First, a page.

Exposure to the sun is our primary source of vitamin D. Vitamin D is vital to our bodies, as it aids the absorption of calcium giving us stronger and healthier bones. However, unprotected exposure of our bodies to the sun’s ultraviolet rays can cause us health issues notably skin damage (basal and squamous cell cancers) and eye damage.
So, I thought I would take this opportunity to offer you a few reminders, of how to protect yourself whilst out enjoying your gardens and the sunshine.
Avoid the Strongest Rays (UV) of the Day
Avoid being in the sun when it is at its highest and thus the ultraviolet rays are at their most intense, this is normally from 10 am until 4 pm. Remember, even when it is cloudy and overcast, that ultraviolet rays can travel through clouds, will reflect off water, sand, glass, buildings and sidewalks etc. causing unexpected sunburn.
Cover up and protect your skin, loose fitting long sleeved shirts and long pants that are made from tightly woven fabrics offer great protection. Today, stores carry many lightweight garments and hats that have a UV protection shielding built into their fabric this helps prevent the sun s rays from reaching your skin. Wearing darker colors, may also offer more protection than lighter colors.
The sun’s UV rays can damage your skin in as little as 15 minutes. Choose a sunscreen that protects against both UVA and UVB rays, this type is now often referred to as “broad-spectrum” sunscreen. Put on sunscreen before you go outside, ensure that you read the label before hand as some require an absorption time for greater protection. Activities that cause you to sweat will/may require reapplication of your sunscreen every 2 hours.
The American Academy of Dermatology recommends that all children regardless of their skin tone wear sunscreen with an SPF of 15 or higher. Although dark skin has more protective melanin and tans more easily than it burns, remember that tanning is also a sign of sun damage.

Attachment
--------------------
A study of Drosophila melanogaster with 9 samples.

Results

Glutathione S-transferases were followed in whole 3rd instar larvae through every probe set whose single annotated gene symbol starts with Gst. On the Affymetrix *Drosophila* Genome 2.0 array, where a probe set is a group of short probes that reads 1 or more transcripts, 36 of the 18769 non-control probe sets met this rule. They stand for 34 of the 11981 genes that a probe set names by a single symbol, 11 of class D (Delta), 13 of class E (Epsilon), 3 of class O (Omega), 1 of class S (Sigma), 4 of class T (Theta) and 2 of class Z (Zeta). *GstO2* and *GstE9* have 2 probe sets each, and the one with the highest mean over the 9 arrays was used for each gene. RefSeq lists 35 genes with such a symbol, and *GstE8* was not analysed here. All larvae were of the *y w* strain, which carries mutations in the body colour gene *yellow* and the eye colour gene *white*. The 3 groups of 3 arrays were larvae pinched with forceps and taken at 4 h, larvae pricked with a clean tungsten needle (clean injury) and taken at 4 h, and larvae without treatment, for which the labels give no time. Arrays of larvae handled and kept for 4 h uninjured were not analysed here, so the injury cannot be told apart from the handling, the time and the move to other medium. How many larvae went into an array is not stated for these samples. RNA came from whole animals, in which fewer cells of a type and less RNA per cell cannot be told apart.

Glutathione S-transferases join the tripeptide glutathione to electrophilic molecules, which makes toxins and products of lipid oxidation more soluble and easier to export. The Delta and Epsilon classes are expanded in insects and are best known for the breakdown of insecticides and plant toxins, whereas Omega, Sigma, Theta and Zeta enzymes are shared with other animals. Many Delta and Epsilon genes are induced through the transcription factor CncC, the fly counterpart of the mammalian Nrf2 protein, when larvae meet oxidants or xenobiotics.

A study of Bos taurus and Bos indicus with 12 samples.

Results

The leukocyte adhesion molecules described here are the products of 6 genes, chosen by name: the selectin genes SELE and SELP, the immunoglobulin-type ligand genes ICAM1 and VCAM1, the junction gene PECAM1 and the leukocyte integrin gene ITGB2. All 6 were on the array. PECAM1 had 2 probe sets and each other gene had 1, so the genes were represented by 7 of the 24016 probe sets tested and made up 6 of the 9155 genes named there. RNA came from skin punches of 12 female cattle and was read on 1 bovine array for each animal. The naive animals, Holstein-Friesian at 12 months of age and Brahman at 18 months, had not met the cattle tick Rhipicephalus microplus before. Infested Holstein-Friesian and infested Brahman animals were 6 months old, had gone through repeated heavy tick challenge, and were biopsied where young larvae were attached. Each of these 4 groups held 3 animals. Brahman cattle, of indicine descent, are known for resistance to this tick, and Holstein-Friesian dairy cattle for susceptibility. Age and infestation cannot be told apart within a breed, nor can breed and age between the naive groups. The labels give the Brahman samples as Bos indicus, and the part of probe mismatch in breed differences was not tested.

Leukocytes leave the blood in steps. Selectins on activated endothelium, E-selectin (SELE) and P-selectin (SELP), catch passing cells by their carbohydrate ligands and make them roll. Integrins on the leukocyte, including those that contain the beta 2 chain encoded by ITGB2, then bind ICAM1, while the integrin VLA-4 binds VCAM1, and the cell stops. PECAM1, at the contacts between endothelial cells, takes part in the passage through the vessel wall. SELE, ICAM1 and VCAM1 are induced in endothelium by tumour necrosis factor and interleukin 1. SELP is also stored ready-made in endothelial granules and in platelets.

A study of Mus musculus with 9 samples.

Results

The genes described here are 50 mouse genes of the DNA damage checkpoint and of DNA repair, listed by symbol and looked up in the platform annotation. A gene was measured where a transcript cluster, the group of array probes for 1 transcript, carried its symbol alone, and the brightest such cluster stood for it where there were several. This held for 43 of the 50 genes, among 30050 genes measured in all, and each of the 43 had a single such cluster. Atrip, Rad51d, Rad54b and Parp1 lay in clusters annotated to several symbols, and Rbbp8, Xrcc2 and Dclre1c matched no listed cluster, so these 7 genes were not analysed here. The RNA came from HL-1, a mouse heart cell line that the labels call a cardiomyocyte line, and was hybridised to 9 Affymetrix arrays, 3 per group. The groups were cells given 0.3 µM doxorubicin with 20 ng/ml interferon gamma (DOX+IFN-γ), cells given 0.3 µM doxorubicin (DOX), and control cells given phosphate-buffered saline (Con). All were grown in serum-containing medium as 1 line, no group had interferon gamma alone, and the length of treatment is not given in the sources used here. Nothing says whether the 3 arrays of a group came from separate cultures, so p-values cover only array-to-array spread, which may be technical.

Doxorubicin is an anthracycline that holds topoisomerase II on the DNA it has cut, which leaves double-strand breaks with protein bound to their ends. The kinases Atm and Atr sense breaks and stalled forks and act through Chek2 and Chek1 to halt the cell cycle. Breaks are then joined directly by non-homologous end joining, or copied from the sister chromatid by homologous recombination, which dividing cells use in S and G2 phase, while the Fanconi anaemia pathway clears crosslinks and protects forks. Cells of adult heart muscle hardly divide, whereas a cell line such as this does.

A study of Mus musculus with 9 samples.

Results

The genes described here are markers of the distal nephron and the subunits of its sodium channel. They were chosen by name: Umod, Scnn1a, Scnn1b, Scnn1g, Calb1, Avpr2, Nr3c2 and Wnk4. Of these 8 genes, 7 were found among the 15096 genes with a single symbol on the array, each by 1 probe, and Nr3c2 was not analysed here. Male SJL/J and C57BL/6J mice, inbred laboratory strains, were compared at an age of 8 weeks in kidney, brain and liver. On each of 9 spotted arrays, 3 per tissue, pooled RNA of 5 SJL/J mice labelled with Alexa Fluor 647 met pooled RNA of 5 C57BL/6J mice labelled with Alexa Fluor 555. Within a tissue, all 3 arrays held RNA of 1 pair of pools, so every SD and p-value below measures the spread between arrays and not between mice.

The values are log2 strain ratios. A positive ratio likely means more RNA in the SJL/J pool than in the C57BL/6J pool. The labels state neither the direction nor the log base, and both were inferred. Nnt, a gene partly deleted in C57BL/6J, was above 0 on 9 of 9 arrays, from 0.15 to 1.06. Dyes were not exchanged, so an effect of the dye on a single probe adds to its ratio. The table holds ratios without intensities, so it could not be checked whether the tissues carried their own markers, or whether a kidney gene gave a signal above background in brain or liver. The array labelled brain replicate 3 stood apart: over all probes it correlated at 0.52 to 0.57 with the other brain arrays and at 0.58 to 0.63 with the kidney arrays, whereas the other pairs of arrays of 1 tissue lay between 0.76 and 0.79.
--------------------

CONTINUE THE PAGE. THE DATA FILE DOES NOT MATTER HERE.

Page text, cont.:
For the most protection, wear a hat with a large brim that provides shade for your face, ears, and the back of your neck. Consider a tightly woven fabric, such as canvas, which will offer better protection of your skin. If you wear a baseball cap, remember to protect your ears and the back of your neck with sunscreen.
Wear Protective Eyewear
Exposure of the eyes to the sun can result in a burned cornea (the outermost, clear membrane layer of the eye). Increasing exposure can lead to cataracts later in life (clouding of the eye lens, which results in blindness) or melanoma of the eye and skin cancer around the lids.
Wearing sunglasses that block both UVA and UVB rays offer the best protection. Wrap-around sunglasses offer the best shield to the eyes and also the tender skin around them.
Check Your Prescribed Medications
Some medications can increase the skin’s sensitivity to the sun s ultraviolet rays. Ask your family doctor or local pharmacist if any of your medication will cause you increased sun sensitivity. If so, always take extra precautions and any given medical advice to the latter to prevent problems occurring.
REMEMBER to consume fluid before you are thirsty, by the time you are thirsty, your body is already dehydrated.
Have fun in the sun and garden and be well!!!